In a 20-page spread of Inc. Magazine's May issue that featured the 25 enterprises they deemed as the most audacious, virtual credit card register Square, Inc. was singled out as the cream of the crop and it soon became no secret why.
Spawned by the same brain behind Twitter, Jack Dorsey, the 1-inch-square card reader has since become an unquestionable success with the company having been valued at a staggering $3.25 billion, a figure that tops the appraisal of some of the world's most valued entities such as Spotify and shoe-selling company Zappos.
And Dorsey, who started the venture in 2009, made a point to acknowledge the fact that Square has gone about things in its own way.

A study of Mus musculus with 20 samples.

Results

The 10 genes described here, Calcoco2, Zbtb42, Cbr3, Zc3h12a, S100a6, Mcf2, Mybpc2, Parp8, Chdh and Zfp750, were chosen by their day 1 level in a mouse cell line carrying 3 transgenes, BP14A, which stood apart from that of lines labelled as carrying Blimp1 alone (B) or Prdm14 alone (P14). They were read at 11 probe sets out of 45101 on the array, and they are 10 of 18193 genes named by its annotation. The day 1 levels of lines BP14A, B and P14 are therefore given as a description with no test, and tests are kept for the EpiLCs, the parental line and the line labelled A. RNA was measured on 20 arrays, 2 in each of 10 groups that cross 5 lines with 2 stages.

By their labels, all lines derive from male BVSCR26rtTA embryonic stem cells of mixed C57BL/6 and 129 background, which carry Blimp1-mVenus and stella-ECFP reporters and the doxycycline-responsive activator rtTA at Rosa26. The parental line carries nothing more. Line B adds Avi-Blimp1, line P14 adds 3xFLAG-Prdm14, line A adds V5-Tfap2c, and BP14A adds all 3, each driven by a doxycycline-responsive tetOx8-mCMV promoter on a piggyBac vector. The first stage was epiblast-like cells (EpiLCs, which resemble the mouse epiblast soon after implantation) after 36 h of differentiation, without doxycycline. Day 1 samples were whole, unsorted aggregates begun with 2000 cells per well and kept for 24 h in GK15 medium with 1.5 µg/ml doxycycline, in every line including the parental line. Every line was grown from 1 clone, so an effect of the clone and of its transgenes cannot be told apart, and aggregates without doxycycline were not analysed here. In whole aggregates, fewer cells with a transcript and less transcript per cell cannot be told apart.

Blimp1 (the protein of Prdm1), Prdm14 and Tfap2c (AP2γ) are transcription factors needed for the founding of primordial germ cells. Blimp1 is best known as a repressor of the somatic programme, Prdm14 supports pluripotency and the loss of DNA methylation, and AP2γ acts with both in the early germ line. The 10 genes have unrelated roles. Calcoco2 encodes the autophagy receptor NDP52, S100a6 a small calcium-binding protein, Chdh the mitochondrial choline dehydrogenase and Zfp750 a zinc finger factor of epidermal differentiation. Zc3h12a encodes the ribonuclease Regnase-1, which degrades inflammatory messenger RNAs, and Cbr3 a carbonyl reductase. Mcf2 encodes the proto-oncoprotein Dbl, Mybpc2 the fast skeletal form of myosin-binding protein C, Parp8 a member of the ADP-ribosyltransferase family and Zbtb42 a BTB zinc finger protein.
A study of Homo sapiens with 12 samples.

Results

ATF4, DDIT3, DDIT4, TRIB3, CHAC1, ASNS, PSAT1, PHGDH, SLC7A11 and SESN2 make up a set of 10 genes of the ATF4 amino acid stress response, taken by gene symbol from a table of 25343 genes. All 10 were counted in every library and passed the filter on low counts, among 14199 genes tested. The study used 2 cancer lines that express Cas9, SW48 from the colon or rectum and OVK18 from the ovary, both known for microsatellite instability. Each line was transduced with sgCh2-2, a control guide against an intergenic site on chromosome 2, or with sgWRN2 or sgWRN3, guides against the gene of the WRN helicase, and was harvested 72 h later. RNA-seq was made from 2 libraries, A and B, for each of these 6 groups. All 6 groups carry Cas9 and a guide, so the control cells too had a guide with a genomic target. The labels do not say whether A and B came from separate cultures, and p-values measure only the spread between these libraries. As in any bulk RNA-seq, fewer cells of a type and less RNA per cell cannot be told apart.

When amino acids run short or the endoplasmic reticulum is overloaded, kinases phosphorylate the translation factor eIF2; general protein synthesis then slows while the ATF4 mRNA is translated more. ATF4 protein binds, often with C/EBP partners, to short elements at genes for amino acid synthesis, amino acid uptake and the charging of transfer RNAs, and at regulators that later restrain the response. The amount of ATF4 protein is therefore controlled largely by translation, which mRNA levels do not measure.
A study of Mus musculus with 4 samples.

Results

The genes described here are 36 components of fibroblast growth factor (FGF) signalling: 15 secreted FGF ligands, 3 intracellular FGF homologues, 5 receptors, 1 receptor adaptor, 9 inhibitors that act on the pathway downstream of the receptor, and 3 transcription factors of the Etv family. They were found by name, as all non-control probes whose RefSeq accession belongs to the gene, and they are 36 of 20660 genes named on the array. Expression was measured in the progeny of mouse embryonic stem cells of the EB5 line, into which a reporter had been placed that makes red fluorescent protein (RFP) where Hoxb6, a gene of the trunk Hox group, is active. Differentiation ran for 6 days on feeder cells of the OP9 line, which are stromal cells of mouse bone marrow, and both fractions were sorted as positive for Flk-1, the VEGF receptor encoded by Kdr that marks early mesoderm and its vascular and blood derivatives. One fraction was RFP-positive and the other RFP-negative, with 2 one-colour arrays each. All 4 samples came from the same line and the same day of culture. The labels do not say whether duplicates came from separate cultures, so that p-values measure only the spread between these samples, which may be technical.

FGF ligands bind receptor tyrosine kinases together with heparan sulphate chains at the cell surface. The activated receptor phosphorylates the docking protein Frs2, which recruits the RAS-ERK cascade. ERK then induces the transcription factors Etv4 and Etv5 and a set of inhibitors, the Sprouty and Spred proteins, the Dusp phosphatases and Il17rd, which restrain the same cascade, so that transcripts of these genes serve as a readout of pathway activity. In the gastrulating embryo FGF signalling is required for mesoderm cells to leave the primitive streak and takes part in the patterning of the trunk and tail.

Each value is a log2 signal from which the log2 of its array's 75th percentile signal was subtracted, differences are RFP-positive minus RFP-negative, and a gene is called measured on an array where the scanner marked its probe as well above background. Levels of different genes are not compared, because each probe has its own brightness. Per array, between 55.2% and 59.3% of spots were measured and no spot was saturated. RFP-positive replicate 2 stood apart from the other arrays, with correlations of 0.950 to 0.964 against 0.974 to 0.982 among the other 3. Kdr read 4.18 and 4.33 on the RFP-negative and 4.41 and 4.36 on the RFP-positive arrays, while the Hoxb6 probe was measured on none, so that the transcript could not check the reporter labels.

"We get to design what we want to see in the world," he told Inc., "rather than doing what other people think should be done."
The blueprint Dorsey used to build his company can indeed be deemed unorthodox, which shows in the way he has built his staff.
"I didn't have a finance background, my co-founders didn't, and we didn't hire anyone who worked in finance until we reached 25 employees," said the CEO. Despite now having 500 employees, he has yet to hire a salesperson, attributing that fact to Square's ability to "sell itself."
And that just may be the reason for the company's status as a revolutionary entity. The product is the first of its kind, yet the need is so obvious, a fact that manifests itself in the numbers: over three million merchants use Square to facilitate financial transactions.
Square has shown no signs of stopping, either, with the company announcing that it will now process transactions in Japan, their first over overseas market.